As if learning how to hit the golf ball wasn’t hard enough, the world of golf gives us an albeit great format, but a format that feels like it requires a master’s degree in maths to figure out what you actually scored. Well, that’s how I felt when I first started the game. Turns out that’s actually not the case (it’s actually quite easy once you understand and use it). Let me introduce you to the format of Stableford and show you the Stableford scoring.
Stableford is the format most often played in the UK. And I love it. It means that all players of any ability can compete against each other. It doesn’t matter that your friends play off 14, 7, 21 and you’re off a 28 handicap (yes you will need a handicap for this format). Instead of just deciding the winner based on who took the fewest total shots, the winner is decided based on how they played against their own handicap.
In short, you get awarded points based on the number of shots you take.
The goal then becomes to get the highest number of points in your group or in the competition.
How To Score Using The Stableford Format
- Double Bogey or worse (2 shots over par) – 0 points
- Bogey (One shot over par) – 1 point
- Par – 2 points – The goal being to get 36 points or better for your round.
- Birdie (one shot under par) – 3 points
- Eagle (2 shots under par) – 4 points
- Albatross (3 shots under par) – 5 points
- Condor (4 shots under par) – 6 points
How Does Handicap Come Into The Stableford Scoring System?
The points awarded are based on the score once it’s been adjusted according to the player’s handicap.
So for example, if you are playing a par 4 and you get a shot on that hole, and you hit 5 shots, you scored a net par, so you get 2 points for that hole!
How Do I Know How Many Shots I Get On Each Hole?
This is where the stroke index comes in. If you grab a scorecard, you’ll see a column which has S.I at the top. That’s the stroke index, or simply the difficulty ranking of the hole. 1 is deemed the hardest hole on the course, while 18 is considered the easiest.
If you are an 18 handicapper, you get 1 shot on each hole.
A 7 handicapper gets an extra shot on the 7 hardest holes. Those holes with a stroke index of 1-7
A 28 handicapper gets 28 extra shots…. So they get 2 shots on the 10 hardest holes on the course, stroke index 1-10, and 1 shot on the remaining 8 holes.
So let’s say a 7 handicapper and a 28 handicapper are playing a par 4 with a stroke index of 7.
The 7 handicapper gets 1 shot, while the 28 handicapper gets 2
7 HCP, scores a 6, a double bogey, makes a net bogey and gets 1 point.
The 28 HCP, also scores a 6, makes net par and gets 2 points
I realise this is probably sounding all very confusing, but just get yourself out on the course and start working it out, or maybe even do it after the round if you are worried about it taking too long.
Tip – Before the round, grab a scorecard and mark, with a little dot or two the holes you get shots on. For example, if you are playing off 24, you know you get at least one shot on every hole, plus an extra shot on holes with stroke index 1-6. So put a little mark on those holes, so you know you get an extra shot, and it makes it quicker for working out your score as you walk to the next tee.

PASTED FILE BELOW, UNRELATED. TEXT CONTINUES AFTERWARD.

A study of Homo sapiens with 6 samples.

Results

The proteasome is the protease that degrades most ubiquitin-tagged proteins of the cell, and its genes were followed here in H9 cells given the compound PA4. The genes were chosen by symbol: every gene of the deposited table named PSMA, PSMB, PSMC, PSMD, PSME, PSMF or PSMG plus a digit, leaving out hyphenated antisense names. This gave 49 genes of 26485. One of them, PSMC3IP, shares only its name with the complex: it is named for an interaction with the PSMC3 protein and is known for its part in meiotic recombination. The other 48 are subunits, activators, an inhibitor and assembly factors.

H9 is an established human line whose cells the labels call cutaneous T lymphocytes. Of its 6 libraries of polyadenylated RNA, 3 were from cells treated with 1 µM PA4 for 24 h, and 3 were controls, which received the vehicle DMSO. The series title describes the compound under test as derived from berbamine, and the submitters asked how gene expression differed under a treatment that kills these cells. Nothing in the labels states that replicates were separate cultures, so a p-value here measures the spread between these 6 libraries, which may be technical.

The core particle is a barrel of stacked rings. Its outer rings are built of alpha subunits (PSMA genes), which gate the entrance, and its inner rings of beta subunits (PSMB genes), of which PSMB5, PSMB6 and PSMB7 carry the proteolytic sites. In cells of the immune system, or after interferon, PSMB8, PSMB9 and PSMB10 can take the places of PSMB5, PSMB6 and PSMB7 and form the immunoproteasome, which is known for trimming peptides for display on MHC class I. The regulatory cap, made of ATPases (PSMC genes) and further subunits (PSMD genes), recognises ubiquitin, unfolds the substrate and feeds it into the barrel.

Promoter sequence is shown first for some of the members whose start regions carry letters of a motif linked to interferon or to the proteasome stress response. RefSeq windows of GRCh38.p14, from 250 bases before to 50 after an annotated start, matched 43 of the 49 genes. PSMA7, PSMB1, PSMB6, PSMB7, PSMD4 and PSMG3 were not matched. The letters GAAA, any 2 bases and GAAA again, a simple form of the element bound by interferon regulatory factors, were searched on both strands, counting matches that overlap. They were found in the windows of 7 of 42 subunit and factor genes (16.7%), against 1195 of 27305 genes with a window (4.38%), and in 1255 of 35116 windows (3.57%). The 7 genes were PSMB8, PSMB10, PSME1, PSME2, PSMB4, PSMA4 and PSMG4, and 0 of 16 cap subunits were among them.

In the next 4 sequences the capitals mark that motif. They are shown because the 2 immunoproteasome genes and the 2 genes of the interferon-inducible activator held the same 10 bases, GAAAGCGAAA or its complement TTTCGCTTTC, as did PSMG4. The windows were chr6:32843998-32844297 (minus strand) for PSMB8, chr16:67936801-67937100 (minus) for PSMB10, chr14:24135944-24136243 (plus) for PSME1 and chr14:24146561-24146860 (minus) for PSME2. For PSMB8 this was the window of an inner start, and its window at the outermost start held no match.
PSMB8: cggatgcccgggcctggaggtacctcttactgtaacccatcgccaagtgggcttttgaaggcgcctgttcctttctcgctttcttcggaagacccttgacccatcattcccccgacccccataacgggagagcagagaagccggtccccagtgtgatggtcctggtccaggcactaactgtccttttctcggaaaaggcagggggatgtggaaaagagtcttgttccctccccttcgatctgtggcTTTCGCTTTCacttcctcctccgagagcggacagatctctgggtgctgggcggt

One of the big benefits of Stableford Scoring in golf…
If you can’t score points on a hole, because you’ve taken too many shots already, you can just pick the ball up and score a zero. You don’t need to continue trying to get the ball out of the trees and rack up a 15… which is super demoralising.
Can Golf Apps Help With Stableford Scoring?
You may have already downloaded a golf app like Golf Game Book, Golf Shot, or one of the many out there. Most of them, if they allow you to track your score will work out the points automatically.
Just be a tad wary, since the change to the new handicap system, where your handicap adjusts for every course you play, our group has found the Golf Shot app hasn’t correctly worked out the Stableford scores on some holes. Golf Game Book is yet to let me down, which is why I would recommend that app.
Ultimately I would still make sure you know how to work out your scores manually.
What If You Don’t Have A Handicap?
Without a handicap, this format simply isn’t possible to play, but that doesn’t mean you need to have an “official” handicap if you are just playing with your mates.
If you have joined a club you’ll be awarded a handicap after 3 recorded rounds. If not a member of a club you can join England Golf using their iGolf app. Or if you are just using a handicap to play with your mates, lots of apps will give you a handicap of sorts based on the rounds you play. This is one current negative about Golf Game Book is that it doesn’t give you a handicap. My friends and I have used My Online Golf Club for years to track ours, it’s free to use and appears to do a World Handicap System calculation.
Join England Golf
Another app and membership that is worth considering is the England Golf iGolf app. For £40/year, this allows you to have an “official” handicap even if you aren’t a member of a golf club. This will track all your scores and adjust your handicap after each round.
Check these golf guides out too
Check out some of the other guides in our beginners series:
- The Rules Of Golf – The Beginners Guide
- Golf Etiquette For Beginners
- Golf Terms For Beginners – Learning The Language Of Golf
- Golf Dress Code For Beginners
Also, if you haven’t already signed up for our FREE golf community, make sure to do that now! All the golf chat you could want awaits!